Hmong Name: Tauj Dub
Lemongrass is another name for Cymbopogon citratus. It’s a tall herb from Asia and Africa. It’s aromatic and can grow between 2 to 4 feet tall. It has a unique lemony scent. For centuries, it’s been valued for its medicinal properties. Many households love its refreshing aroma and flavor.
Historically, lemongrass was employed in traditional medicine to address ailments such as fever, headaches, indigestion, and arthritis. Its application in modern medical practices persists, thanks to its continued relevance in treating these conditions and the belief in its numerous other health benefits.
One of lemongrass’ key medicinal attributes is its antibacterial and antifungal properties. Essential oils derived from the herb have shown the capacity to combat harmful bacteria and fungi, making it an effective remedy for infections, skin conditions, and digestive issues.
Furthermore, lemongrass is believed to possess anti-inflammatory properties, thereby helping reduce body swelling and pain. This is particularly advantageous for individuals suffering from arthritis or other joint problems. Additionally, lemongrass can aid in relieving muscle aches and pains, which positions it as a natural remedy for sports-related injuries.
Beyond its medicinal applications, lemongrass is a favorite in culinary uses and the fragrance industry. Its lemon-like aroma is incorporated into the manufacture of soaps, candles, perfumes, and a variety of beauty products. It is also commonly used to infuse flavor into teas, soups, stews, and curries.
While lemongrass has an extensive history in traditional medicine—utilized by both ancient Chinese and Indian civilizations—it has recently garnered attention in the Western world. This is due to its numerous health benefits and its appealing flavor.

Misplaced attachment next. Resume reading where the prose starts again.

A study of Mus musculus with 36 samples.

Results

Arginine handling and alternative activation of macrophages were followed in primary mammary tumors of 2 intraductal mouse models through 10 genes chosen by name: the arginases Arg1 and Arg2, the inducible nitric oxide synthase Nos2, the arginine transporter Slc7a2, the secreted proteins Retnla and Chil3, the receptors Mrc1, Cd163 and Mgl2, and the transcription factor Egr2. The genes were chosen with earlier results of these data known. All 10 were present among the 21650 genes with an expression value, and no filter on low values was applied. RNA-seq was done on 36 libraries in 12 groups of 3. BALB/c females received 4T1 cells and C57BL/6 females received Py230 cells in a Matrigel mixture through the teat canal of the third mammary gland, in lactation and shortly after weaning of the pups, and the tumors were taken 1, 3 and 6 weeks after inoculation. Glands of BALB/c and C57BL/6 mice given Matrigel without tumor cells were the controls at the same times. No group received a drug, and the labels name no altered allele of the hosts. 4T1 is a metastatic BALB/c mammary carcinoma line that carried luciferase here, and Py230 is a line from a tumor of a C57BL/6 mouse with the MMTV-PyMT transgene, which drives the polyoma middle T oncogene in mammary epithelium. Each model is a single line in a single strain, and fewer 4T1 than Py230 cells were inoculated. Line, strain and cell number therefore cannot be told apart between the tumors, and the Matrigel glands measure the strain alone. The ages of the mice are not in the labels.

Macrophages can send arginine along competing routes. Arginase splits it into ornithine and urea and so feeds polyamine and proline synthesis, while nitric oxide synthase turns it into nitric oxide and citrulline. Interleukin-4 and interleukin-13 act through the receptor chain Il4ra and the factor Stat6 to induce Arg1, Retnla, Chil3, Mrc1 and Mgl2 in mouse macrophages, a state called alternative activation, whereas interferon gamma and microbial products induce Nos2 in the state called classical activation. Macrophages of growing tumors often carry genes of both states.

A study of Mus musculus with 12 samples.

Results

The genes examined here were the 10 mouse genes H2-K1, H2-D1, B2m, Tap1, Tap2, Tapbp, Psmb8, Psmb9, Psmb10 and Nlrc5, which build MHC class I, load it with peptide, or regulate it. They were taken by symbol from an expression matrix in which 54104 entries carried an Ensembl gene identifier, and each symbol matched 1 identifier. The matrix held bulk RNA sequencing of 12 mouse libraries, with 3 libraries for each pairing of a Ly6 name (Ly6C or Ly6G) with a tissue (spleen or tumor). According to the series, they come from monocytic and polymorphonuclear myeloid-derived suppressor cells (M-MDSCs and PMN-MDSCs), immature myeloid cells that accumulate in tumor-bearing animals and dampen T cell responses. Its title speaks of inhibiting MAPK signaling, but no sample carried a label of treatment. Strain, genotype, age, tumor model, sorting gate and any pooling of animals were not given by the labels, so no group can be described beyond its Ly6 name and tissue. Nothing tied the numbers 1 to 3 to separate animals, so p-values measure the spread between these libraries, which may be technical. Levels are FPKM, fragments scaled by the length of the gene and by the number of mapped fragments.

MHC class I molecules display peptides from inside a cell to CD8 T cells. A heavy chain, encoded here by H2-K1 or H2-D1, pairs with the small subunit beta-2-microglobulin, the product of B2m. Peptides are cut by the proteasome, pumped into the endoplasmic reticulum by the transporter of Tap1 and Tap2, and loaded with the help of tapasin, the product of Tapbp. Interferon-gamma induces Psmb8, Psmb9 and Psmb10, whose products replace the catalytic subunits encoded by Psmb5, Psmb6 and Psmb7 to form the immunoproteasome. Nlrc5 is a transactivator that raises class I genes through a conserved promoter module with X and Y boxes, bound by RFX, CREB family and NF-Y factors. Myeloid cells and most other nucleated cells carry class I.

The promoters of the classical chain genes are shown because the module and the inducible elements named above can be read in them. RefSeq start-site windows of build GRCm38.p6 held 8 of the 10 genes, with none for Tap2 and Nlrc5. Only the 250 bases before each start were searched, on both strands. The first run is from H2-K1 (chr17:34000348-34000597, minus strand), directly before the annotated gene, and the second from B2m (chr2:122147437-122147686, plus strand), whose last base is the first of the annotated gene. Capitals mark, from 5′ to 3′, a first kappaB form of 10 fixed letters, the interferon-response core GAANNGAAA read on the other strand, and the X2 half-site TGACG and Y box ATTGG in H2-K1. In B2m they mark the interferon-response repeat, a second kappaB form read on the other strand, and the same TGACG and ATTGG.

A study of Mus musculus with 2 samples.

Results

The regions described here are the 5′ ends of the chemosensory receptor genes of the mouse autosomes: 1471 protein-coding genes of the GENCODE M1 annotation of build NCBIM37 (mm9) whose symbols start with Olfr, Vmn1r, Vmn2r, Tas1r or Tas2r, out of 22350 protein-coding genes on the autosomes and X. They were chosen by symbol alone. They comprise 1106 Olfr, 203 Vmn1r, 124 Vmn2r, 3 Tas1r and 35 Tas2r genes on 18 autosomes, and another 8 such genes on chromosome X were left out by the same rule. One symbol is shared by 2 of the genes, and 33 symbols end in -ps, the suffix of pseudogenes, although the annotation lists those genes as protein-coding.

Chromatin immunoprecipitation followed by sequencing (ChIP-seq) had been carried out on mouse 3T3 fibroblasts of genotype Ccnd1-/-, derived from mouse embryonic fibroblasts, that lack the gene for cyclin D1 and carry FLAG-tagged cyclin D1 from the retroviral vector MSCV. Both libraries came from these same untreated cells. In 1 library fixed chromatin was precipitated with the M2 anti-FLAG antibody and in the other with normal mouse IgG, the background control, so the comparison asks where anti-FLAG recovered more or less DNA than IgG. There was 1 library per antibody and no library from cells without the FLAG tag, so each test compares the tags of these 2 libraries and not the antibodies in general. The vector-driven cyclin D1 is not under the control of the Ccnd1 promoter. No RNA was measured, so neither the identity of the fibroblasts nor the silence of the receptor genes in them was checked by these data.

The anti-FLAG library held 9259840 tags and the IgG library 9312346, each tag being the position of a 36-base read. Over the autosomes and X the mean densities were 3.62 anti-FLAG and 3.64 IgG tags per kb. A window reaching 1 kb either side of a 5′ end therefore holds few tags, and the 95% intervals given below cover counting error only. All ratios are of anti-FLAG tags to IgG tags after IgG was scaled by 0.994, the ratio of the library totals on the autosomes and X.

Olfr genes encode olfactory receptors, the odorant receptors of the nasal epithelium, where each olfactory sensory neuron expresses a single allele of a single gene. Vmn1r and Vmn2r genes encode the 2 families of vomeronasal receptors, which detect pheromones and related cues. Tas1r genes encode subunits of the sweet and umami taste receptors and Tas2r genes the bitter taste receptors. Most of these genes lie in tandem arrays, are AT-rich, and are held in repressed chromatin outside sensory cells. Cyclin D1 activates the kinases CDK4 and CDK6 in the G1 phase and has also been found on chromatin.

In a fascinating turn, recent scientific research has uncovered a new potential use for lemongrass—as a component in drug delivery systems. Researchers have successfully encapsulated lemongrass extract within an alginate-chitosan matrix. The result is rough and porous beads, optimal for controlled release in acidic solutions, exhibiting a higher release rate at a pH of 6.8.
The alginate-chitosan matrix results from the crosslinking of polymer chains and crosslinking agents. The encapsulation efficiency of lemongrass extract within this matrix varies between 74.81% and 83.07%, and the swelling ratio is between 27.29 and 37.81. These properties indicate that the alginate-chitosan beads could serve as a promising encapsulating agent for lemongrass extract.
This groundbreaking approach indicates a new horizon for lemongrass use in the pharmaceutical industry. It could potentially improve drug delivery throughout the human body while minimizing losses before gel formation. This research underscores the versatility of lemongrass and paves the way for its expanded uses.
Disclaimer: This information is for educational purposes only and has not been evaluated by the FDA. It is not intended to diagnose, treat, cure, or prevent any disease. We recommend that you consult with a qualified healthcare practitioner before using any herbal products, particularly if you are pregnant, nursing, or on any medications.